The Aaron Harber Show

The Biggest Missed Opportunity
The Meltdown of Financial Markets

September 22, 2008
By Aaron Harber

With the meltdown of financial markets, John McCain and Barack Obama essentially walked in lockstep in support of what essentially will be a $1 trillion taxpayer bailout of wealthy investors on Wall Street. In the name of "financial stability," both presidential campaigns have endorsed the concept of the Federal Government bailing out Wallstreet.

Both presidential campaigns see the race as so close it could be decided by one or two states on Election Night --- as it was in 2000 and 2004. As a result, instead of "going for broke" and trying to hit a home run to win the game, their strategists are insisting on extreme caution. They would rather go for a base hit and win by a razor-thin one-run margin than gamble and lose the game.

Obama should have realized how poor a strategy this is. Overconfidence led him into a "Prevent-D" (used by a team well ahead in a game such as football but, if deployed too soon, can result in a loss) over the summer when he had a substantial lead over McCain. McCain challenged Obama to a series of debates and Obama declined --- thinking he had the election sewn up. Much to his surprise and chagrin, McCain worked his way back into the race and now is statistically tied with Obama in most polls --- using the same theme of "Change" as Obama and adding his unique "maverick" element to the debate.

Ironically, the financial meltdown actually presented the candidates with an extraordinary opportunity to distinguish themselves --- to illustrate a difference between them which went beyond drawing a line and, instead, could have created a veritable electoral chasm between the two. Had one of the candidates exploited this opportunity, he might have won the election not by 1 percentage point but by 5 or even 10. But both candidates have passed on that opportunity.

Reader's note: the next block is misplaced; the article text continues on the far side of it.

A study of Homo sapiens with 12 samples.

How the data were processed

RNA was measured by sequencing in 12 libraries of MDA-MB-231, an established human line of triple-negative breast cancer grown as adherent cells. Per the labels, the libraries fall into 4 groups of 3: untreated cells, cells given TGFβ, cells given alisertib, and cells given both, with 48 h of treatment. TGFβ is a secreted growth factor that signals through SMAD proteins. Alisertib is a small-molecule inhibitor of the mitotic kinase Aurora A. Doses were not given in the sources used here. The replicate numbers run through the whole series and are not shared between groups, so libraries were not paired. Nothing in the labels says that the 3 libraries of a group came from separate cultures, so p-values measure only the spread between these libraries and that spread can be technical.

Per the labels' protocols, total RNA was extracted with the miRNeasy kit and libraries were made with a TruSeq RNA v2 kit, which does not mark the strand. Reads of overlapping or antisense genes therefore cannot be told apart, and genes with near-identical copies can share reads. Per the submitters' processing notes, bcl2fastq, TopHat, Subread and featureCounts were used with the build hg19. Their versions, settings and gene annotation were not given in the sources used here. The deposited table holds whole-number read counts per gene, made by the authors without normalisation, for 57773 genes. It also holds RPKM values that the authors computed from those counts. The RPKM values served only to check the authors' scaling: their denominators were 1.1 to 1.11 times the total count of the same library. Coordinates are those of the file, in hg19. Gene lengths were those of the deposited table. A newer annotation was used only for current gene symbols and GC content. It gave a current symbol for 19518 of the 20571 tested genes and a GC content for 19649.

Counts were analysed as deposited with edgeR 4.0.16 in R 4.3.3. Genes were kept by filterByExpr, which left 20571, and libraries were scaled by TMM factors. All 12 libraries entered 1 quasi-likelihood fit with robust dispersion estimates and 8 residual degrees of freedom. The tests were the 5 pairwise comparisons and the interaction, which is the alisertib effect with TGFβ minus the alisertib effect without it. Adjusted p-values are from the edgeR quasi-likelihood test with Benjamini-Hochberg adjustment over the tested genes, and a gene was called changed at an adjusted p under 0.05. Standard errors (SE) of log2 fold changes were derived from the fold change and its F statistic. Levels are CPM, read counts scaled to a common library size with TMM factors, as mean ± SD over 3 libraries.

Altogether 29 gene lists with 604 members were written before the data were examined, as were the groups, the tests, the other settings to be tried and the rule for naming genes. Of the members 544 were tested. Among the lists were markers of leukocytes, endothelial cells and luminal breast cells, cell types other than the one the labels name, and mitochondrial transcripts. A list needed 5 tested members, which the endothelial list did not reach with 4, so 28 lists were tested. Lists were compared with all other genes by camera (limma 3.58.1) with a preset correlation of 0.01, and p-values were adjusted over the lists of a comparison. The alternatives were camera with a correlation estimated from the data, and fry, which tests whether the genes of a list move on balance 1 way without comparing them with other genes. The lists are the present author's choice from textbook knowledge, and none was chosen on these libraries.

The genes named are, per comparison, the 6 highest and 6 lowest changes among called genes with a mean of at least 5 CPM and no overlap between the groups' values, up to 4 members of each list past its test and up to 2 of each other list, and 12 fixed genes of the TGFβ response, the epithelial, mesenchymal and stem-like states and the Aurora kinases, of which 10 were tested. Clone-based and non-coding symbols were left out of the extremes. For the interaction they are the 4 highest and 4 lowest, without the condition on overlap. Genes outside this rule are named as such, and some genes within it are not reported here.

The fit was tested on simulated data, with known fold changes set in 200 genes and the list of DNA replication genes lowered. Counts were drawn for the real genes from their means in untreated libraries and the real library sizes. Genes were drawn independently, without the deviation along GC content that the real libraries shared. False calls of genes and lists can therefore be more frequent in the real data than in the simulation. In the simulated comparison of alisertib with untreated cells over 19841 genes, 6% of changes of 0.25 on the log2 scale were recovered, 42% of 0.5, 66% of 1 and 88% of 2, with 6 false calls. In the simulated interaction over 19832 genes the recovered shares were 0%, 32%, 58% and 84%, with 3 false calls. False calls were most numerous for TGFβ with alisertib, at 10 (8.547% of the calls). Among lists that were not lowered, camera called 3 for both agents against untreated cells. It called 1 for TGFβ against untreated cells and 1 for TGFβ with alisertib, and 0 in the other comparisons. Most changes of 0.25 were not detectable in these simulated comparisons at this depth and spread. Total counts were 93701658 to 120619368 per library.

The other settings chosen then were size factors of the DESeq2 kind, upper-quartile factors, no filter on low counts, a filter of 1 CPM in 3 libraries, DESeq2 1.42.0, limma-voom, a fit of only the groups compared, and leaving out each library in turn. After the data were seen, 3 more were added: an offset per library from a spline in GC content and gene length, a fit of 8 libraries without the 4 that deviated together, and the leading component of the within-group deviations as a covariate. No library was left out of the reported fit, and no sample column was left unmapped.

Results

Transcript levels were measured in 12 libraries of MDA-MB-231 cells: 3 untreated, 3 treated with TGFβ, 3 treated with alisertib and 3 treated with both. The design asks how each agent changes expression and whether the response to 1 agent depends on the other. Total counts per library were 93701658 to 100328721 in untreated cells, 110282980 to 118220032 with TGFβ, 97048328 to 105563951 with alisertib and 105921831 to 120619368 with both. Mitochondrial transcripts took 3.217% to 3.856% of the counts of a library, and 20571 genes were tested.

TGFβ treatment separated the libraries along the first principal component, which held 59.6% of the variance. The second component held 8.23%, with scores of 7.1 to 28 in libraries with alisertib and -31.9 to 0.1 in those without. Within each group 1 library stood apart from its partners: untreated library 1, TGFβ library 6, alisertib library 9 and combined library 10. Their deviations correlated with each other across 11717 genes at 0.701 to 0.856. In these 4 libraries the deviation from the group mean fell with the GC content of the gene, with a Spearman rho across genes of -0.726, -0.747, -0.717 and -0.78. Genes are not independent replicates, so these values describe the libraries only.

What was that missed opportunity? It was a chance to truly be bold. It was an opportunity to offer policy to put substance for the first time behind their words about "change." It was to step forward and say,

"My campaign has been about change. It has been about a commitment to the American people to stop the ‘business-as-usual' workings of Washington. It has been about assisting those Americans who truly need a helping hand. For these reasons, I am opposing the $1 trillion bailout of Wall Street's wealthiest. To use taxpayer dollars for this purpose is inappropriate. It is bad public policy. This action is a misuse of our limited resources --- which need to be dedicated to health care, education, transportation, and national security. To add $1 trillion to our deficits today means the value of the dollar will fall further and Americans' standard of living will deteriorate even more. To misspend $1 trillion means we will not be able to take care of our most pressing needs. And to give Washington lobbyists and Wall Street millionaires $1 trillion of our money is exactly what I ran for President to stop from happening. I say ‘Let the Free Market work.' Yes, there will be winners and losers but that will be determined by the decisions those investors made. If these people made bad decisions, we should not now reward them. I am running to truly change Washington and this is our opportunity to begin that change. Yes, the next several months and even years will be difficult for all of us but throwing our money at the problem --- money we may never see again and which we will spend decades paying back in new taxes with potentially no return --- is not the answer."

Surprisingly, either candidate could have done this and he would have been perceived as believable, sincere, and consistent. McCain has been attacking the Washington establishment as the foundation of his "maverick" campaign. Obama began his campaign with the theme of "Real Change." Would anything be more emblematic of serious change than the rejection of a policy which uses taxpayer dollars to rescue the wealthy whose lobbyists dominate Washington?

It would have been a act of populism by a major party candidate which heretofore has been unseen and unheard in contemporary politics. It could have skyrocketed the professing candidate to a position of dominance in the campaign because not only would he truly become the patron saint of the average American --- he would simultaneously be able to castigate his opponent as a tool of the ruling class in America. That opponent would be characterized as the disingenuous candidate who, if elected, would continue politics-as-usual despite the words he spoke. What better way to win the election in November?